The remains of the Greek settlement in the locality of Centocamere, and those of the Tempio di Marasà, which have yielded a great variety of relics related to religion, art, and culture, have more recently been added to those of a sanctuary dedicated to Demetra Thesmophoros, stretches of the Greek city walls, and significant monumental evidence from the Roman Imperial age, such as the Museale Casinò Macrì complex.
In the first half of the fifth century BC, the Locrians demolished their archaic temple and rebuilt a new temple in the Ionic style. The temple was designed by Syracusan architects around 470 BC, based on the idea of Hiero I of Syracuse.
The new temple occupies the same place as the previous one but it has a different orientation. The temple was destroyed in the 11th century. The dimensions of the temple were 45.5 by 19.8 metres. The cella is free of supports on the central axes. The pronaos had two columns. The temple has seventeen Ionic columns on the long side, and six on the front. The height of the temple was 12 metres.
The theatre was built in the fourth century BC not far from the ancient city, in the Contrada Pirettina, taking advantage of a hillside slope. The original structure had space for more than 4,500 people; now only the central part of the theatre is visible. Part of the Cavea was cut into the rocks. Each plane was divided in 7 wedges between 6 scales. A horizontal separation divided the upper theater from the lower theatre.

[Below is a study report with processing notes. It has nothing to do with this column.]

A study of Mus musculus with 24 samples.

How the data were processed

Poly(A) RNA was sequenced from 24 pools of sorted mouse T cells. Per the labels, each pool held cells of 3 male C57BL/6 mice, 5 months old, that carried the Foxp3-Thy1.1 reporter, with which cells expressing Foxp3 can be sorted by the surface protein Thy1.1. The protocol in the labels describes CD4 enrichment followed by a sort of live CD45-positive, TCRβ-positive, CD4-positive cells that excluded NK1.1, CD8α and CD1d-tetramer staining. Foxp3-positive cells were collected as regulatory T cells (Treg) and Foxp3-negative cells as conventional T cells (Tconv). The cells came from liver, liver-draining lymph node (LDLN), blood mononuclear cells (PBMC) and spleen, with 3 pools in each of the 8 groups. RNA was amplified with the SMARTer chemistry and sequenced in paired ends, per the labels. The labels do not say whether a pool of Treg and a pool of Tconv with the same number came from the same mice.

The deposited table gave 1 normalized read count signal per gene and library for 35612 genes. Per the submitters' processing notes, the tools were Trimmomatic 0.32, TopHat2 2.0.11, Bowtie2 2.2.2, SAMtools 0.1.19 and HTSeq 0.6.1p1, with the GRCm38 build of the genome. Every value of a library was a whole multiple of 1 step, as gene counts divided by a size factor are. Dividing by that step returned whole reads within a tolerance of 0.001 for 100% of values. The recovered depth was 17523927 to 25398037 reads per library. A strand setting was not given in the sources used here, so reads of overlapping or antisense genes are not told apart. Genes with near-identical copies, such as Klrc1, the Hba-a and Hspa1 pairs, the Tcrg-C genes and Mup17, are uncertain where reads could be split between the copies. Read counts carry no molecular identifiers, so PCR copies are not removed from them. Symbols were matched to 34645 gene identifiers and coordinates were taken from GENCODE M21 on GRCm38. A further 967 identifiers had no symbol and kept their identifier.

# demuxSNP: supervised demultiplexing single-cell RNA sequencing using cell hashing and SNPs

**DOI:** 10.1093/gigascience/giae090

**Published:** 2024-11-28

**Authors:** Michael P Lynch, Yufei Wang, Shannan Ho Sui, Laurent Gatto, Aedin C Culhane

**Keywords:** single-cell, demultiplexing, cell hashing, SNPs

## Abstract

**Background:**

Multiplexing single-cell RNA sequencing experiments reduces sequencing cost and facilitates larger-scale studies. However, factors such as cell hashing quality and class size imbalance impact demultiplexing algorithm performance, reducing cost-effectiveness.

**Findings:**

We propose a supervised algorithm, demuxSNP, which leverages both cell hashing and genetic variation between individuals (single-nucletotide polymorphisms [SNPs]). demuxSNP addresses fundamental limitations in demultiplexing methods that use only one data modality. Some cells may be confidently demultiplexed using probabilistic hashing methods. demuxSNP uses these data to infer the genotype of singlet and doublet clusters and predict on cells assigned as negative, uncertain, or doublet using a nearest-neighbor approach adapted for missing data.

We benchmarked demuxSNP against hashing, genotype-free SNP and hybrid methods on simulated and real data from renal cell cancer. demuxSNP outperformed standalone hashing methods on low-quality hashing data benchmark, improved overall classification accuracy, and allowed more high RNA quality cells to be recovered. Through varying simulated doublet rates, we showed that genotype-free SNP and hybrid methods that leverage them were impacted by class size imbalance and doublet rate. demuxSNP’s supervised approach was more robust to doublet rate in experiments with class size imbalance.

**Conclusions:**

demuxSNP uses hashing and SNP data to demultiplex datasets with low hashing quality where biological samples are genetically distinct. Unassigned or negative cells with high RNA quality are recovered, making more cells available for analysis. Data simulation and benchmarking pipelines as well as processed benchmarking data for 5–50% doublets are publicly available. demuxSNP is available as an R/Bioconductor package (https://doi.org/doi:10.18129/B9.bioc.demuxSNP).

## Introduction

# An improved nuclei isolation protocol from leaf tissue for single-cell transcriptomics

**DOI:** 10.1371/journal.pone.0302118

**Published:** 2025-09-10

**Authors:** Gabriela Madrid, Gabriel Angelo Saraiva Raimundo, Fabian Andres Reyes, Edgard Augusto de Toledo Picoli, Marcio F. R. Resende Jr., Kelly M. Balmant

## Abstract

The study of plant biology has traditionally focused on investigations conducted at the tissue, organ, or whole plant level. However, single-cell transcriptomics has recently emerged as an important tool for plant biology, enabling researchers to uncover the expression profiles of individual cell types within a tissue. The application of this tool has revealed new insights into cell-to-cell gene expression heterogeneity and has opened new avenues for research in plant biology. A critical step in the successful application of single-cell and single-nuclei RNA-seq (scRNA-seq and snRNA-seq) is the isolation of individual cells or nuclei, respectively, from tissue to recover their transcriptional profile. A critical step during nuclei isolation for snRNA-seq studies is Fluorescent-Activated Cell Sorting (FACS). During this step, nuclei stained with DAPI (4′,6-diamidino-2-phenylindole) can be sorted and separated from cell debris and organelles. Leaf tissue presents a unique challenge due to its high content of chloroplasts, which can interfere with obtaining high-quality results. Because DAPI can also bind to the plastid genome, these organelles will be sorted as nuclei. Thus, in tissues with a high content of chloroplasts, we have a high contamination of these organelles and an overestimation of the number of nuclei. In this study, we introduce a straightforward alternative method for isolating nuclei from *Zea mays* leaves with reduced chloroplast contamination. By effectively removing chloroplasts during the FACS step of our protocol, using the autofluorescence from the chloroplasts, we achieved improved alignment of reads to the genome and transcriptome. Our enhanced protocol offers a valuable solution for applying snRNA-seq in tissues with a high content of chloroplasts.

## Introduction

Roman Walls of Lugo are an exceptional architectural, archaeological and constructive legacy of Roman engineering, dating from the 3rd and 4th centuries AD. The Walls are built of internal and external stone facings of slate with some granite, with a core filling of a conglomerate of slate slabs and worked stone pieces from Roman buildings, interlocked with lime mortar.
Their total length of 2117 m in the shape of an oblong rectangle occupies an area of 1.68 ha. Their height varies between 8 and 10 m, with a width of 4.2 m, reaching 7 m in some specific points. The walls still contain 85 external towers, 10 gates (five of which are original and five that were opened in modern times), four staircases and two ramps providing access to the walkway along the top of the walls, one of which is internal and the other external. Each tower contained access stairs leading from the intervallum to the wall walk of town wall, of which a total of 21 have been discovered to date.
The defences of Lugo are the most complete and best preserved example of Roman military architecture in the Western Roman Empire.
Despite the renovation work carried out, the walls conserve their original layout and the construction features associated with their defensive purpose, with walls, battlements, towers, fortifications, both modern and original gates and stairways, and a moat.
Since they were built, the walls have defined the layout and growth of the city, which was declared a Historical-Artistic Ensemble in 1973, forming a part of it and becoming an emblematic structure that can be freely accessed to walk along. The local inhabitants and visitors alike have used them as an area for enjoyment and as a part of urban life for centuries.
The fortifications were added to UNESCO"s World Heritage List in late 2000 and are a popular tourist attraction.